Volkswagen might be rolling out more R models

After revealing the T-Roc R at the 2019 Geneva Motor Show
by Stephen Dobie | Mar 14, 2019
PHOTO: Volkswagen

“I believe this car drives better than the Golf R,” Jost Capito, VW’s R division boss, bullishly tells us. Well, of course he would—it’s the newer car. But it still surprised us that he’s so certain of it when you’d naturally expect a heavier, taller car to suffer compromise.

“Of course there’s a higher center of gravity,” he concedes, “but I would say that’s the only difference. The rest of the chassis setup you can do exactly the same. We changed the stiffness of the front of the car, we changed all the engine mounts and gearbox mounts, we made them all stiffer...it feels more direct. We had the basis with the Golf R, but we modified everything.”



And what of the Golf R400 concept, which has still yet to make production? “We did research and customers don’t want it,” he responds. “They want around 300hp and a price tag below €50,000 (around P3 million). To move up to 400hp, you lose 50% of the sales volume and increase the cost of ownership.”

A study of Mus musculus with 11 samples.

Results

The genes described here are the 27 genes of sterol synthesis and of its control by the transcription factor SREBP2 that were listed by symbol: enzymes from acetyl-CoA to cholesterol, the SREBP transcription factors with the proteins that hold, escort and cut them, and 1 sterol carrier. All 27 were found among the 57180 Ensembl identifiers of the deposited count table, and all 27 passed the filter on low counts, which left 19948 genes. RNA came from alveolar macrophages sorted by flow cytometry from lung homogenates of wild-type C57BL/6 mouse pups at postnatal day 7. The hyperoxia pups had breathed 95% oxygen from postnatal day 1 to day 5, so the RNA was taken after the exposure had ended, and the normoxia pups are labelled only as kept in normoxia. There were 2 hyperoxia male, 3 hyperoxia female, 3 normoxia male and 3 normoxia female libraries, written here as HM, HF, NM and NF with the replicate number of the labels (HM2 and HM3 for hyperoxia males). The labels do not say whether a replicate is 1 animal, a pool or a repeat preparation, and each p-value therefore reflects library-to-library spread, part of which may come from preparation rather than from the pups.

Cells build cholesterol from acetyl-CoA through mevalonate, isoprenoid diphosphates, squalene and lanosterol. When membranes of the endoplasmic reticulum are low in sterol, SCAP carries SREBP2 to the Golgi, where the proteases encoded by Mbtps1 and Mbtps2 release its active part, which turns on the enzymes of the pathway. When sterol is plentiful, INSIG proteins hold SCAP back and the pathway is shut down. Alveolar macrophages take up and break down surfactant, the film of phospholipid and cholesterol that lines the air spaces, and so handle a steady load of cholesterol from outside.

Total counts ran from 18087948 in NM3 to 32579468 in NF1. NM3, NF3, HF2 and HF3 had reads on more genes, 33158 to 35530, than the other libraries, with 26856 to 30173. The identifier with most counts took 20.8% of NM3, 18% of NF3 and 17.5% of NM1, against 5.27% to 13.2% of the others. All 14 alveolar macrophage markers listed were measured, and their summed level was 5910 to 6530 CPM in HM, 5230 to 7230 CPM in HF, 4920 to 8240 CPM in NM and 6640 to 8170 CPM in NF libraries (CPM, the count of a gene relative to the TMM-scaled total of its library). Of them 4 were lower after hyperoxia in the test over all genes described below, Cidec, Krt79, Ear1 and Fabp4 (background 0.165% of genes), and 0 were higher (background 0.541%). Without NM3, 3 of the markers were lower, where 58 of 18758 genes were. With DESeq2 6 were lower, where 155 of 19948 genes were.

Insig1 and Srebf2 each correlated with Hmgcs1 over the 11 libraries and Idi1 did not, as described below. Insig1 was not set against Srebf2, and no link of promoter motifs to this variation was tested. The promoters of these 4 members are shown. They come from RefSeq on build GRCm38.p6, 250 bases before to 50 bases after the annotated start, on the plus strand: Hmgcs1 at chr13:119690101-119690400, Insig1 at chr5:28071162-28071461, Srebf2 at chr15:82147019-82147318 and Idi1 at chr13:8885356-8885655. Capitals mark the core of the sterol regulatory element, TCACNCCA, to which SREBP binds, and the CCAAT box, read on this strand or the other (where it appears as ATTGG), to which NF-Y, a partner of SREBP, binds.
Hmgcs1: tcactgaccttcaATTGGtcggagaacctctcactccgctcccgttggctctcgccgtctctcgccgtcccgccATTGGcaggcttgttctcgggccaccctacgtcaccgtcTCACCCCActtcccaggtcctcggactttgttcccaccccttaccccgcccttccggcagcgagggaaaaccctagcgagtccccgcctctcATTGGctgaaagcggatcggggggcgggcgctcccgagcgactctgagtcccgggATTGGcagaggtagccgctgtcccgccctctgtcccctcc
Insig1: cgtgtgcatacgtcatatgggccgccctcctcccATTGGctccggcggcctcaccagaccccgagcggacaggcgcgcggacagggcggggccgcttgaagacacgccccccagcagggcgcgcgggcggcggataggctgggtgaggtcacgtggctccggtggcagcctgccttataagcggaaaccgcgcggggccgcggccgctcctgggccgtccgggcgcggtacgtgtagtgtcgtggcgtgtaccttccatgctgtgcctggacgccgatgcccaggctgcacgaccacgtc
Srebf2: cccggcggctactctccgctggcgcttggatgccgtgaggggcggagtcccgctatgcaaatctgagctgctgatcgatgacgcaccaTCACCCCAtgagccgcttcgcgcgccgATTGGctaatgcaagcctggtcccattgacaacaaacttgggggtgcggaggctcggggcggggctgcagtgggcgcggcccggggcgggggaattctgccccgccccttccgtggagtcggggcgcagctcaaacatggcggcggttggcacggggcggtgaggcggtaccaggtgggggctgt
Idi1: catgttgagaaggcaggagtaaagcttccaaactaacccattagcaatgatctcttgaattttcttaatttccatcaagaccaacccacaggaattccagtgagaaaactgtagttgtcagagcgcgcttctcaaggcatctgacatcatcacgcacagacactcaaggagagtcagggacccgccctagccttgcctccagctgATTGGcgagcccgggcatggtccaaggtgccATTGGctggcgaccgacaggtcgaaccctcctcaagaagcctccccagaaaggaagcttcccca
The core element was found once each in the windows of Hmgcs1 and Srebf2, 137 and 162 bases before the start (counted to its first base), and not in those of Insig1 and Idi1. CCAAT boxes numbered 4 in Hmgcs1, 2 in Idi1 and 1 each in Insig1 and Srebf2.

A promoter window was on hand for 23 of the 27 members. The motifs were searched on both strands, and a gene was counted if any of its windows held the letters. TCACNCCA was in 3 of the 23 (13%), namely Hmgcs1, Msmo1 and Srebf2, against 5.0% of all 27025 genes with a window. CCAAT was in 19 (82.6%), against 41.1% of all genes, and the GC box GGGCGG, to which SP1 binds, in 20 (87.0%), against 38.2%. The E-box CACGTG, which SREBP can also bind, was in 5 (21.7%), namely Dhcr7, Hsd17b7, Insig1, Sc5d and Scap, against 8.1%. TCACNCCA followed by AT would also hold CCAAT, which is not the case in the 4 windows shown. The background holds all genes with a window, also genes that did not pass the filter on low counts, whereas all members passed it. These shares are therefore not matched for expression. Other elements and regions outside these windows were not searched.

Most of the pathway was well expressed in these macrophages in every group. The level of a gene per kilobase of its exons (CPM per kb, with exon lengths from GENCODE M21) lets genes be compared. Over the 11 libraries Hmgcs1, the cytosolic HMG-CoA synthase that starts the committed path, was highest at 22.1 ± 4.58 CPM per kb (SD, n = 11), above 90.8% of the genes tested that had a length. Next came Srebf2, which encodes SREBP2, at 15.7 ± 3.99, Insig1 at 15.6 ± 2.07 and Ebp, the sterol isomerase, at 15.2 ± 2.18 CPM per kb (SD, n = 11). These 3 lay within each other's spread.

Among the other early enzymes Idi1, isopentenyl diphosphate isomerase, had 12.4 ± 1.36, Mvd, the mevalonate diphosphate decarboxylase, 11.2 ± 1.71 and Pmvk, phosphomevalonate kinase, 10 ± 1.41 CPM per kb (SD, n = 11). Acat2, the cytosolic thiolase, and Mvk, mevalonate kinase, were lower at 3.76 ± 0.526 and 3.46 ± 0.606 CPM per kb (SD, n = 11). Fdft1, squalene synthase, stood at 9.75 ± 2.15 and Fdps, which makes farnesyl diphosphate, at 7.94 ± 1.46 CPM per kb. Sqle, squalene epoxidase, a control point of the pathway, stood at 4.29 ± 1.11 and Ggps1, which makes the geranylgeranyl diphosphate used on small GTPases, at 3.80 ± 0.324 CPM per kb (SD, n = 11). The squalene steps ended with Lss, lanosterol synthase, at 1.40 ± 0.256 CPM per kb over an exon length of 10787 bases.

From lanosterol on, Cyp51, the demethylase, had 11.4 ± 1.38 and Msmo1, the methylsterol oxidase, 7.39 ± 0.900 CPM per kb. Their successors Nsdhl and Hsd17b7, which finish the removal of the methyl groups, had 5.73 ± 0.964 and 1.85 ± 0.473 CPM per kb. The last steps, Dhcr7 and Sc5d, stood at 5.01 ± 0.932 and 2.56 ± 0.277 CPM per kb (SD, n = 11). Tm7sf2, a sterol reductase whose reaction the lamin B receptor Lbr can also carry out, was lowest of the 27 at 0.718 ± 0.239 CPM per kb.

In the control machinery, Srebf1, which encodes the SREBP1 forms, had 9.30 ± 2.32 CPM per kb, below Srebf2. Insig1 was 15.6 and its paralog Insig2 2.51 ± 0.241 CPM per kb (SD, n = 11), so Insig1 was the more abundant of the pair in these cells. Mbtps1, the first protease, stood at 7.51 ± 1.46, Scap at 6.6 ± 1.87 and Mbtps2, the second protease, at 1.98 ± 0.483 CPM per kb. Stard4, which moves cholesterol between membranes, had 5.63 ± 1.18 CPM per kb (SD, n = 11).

A rare case of a German performance brand actually placing a ceiling on its power outputs, then. Perhaps. Though a chat with Volkswagen board member Jürgen Stackmann revealed the R version of the mk8 Golf will still be pretty potent.

“The crown jewel of performance in a Golf remains Golf R,” Stackmann tells us. “We don’t want to take hybrids to a ridiculous strength. A hybrid needs to be affordable, and have an ecological reasoning. It’s not just for performance. The GTE is an alternative choice for a GTI customer, and that will remain. The performance king will remain a Golf R, and the Golf 8 R is going to be fantastic.”


NOTE: This article first appeared on TopGear.com. Minor edits have been made.